The Kids Will Be Alright – What Makes Gen Z Different.

Young adults receiving a seemingly never-ending stream of criticism from older cohorts is nothing new. Young people have always been chided by their parents’ and grandparents’ generations for their opinions and behaviours. However, not even in the era of Flower Power did the critics rally against 20-somethings as vehemently as they have against Millennials in the past decade. Along with the advent of the internet came an ease of publishing op-eds, followed by an outpouring of commentary on why Millennials were ruining the world as we knew it.

Millennials are roughly grouped as the generation born between 1980 and 1996, but the term has become shorthand for “anyone who is younger than a baby boomer but didn’t come out of the womb holding an iPhone”. While the group has been receiving flack for things like ruining industries by not buying diamonds and buying avocado toast instead of homes, something has been happening in the background that has gone overlooked: the generation after Millennials, Gen Z, has entered the picture. With this shift, there must be a shift in the way that young people are perceived, because this new generation is a whole new beast.

In 2019, the eldest in Gen Z are 22 years old. They are entering the workforce, taking their rightful place as a purchasing power, and reshaping the way that brands communicate with the public. The narrative that has been used to describe young adults for decades – lazy, narcissistic, spoiled and hyper-sensitive – will be hard to apply to this cohort based on what they’ve shown of themselves so far.

One of the group’s defining factors is that they have never lived in a time that felt secure, most of them not able to remember life before 9/11 and having had to bear witness to the economic crash in 2008. 24-hour news cycles, access to information about international affairs and a weakened economy has been the North American realty for the majority of Gen Z. This reality has resulted in an intensity about the group that cannot be ignored – they are fighting for a world that feels safe. Overall, they are more involved in activism and altruism than the generations that came before them. The Parkland student activists, Greta Thunberg, Autumn Peltier, Kavya Kopparapu, Mari Copeny - If you aren’t familiar with these names, you should be.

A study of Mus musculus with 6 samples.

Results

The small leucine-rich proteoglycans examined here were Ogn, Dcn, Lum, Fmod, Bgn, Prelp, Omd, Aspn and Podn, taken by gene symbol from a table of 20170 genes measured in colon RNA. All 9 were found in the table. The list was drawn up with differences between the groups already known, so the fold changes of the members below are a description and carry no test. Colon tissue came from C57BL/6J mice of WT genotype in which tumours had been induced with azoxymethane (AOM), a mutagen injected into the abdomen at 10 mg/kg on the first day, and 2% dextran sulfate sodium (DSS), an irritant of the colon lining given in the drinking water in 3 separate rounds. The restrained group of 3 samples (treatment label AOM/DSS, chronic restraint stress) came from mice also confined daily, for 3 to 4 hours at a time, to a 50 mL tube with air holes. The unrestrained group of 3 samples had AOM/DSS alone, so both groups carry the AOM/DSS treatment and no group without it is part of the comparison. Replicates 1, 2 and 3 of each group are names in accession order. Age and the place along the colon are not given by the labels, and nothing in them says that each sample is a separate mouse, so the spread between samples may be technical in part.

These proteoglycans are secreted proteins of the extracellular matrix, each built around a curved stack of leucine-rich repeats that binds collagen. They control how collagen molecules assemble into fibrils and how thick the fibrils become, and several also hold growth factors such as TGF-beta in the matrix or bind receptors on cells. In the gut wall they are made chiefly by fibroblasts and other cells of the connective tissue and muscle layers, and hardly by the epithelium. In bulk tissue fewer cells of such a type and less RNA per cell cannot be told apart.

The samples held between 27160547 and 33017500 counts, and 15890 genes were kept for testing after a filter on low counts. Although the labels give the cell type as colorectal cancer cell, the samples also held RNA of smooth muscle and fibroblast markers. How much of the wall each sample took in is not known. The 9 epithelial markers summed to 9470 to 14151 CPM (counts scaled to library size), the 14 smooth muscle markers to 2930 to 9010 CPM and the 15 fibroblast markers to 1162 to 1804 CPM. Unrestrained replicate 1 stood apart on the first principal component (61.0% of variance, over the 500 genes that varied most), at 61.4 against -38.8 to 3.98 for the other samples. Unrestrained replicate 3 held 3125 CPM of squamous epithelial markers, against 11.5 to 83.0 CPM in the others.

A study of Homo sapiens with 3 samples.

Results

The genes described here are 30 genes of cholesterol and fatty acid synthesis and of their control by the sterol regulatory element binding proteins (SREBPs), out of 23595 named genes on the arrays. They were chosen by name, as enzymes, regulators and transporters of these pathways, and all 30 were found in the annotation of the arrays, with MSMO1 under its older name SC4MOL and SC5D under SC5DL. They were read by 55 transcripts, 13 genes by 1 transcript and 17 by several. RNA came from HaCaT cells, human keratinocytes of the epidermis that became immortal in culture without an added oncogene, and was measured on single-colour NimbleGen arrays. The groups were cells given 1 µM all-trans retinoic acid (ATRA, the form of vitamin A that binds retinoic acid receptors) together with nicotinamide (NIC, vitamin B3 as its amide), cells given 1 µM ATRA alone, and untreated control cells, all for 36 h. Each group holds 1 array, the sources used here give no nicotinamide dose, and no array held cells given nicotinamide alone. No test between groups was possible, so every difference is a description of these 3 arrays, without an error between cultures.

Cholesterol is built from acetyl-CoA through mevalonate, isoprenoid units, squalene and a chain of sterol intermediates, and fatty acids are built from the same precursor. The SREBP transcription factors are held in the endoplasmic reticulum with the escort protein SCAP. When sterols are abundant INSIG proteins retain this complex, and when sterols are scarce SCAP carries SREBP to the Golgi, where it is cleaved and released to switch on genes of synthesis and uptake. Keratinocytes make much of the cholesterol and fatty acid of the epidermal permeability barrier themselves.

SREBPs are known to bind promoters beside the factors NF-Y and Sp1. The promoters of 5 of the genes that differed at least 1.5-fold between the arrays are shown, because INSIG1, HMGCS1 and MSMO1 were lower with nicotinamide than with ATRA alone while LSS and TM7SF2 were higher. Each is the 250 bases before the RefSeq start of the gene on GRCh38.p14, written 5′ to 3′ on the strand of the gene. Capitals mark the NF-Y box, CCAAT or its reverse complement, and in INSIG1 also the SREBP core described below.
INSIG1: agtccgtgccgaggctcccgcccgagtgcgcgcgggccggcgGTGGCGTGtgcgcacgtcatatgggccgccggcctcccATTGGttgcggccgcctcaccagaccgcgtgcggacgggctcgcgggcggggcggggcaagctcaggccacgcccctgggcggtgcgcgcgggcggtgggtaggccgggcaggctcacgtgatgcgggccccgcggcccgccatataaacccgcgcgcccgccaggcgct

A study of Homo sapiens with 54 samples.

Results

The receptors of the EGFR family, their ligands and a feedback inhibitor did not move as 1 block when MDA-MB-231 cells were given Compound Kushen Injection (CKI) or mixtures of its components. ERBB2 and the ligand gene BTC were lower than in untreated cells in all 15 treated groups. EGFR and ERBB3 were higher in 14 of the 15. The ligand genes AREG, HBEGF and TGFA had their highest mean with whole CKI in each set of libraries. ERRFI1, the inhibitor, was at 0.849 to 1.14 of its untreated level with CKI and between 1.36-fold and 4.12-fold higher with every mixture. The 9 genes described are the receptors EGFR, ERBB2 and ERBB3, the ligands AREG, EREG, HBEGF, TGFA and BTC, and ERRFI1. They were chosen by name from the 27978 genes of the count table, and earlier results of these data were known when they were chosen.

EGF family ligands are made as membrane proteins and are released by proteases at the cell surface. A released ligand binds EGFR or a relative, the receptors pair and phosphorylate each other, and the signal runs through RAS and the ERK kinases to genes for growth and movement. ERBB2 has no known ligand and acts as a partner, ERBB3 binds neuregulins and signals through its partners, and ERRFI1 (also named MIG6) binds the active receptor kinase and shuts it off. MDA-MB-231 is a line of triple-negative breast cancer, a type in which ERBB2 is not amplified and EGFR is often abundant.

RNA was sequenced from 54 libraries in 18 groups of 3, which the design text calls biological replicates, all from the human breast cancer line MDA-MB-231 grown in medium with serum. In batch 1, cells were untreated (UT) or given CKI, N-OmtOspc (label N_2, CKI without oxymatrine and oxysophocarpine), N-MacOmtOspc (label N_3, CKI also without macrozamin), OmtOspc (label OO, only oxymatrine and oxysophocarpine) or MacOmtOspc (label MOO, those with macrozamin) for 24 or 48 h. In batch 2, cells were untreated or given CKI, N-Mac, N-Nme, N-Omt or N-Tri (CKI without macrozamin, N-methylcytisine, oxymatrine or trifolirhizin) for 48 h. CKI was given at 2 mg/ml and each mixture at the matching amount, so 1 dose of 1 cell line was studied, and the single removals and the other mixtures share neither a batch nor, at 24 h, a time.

The young people belonging to Generation Z are often described as being “digital natives”, most of them unable to recall a time without the internet. They are tech-savvy, better at multitasking than anyone before them, and have had constant access to a wealth of knowledge that has left them resourceful, well-informed and wildly passionate. With the onset of this group entering the work force, businesses will have to make an extra effort to keep up with the times. These young people know a lot, particularly about what they want, and they’ve shown us that they are capable of using their voices in the fight to achieve it. They are deserving of their nickname “iGen” – the information generation.

It isn’t fair to say that Gen Z is better than their predecessors, but it goes without saying that the way the world interacts with them will have to change. No longer can young people be looked at with the sweeping generalization that they are slothful, selfish, coddled or ingenuine. It will be interesting to watch the changes unfold as the world makes space for the minds, voices and personalities of Generation Z. Whatever changes they cause to move throughout the societal landscape, it’s probably safe to say that the kids will be alright.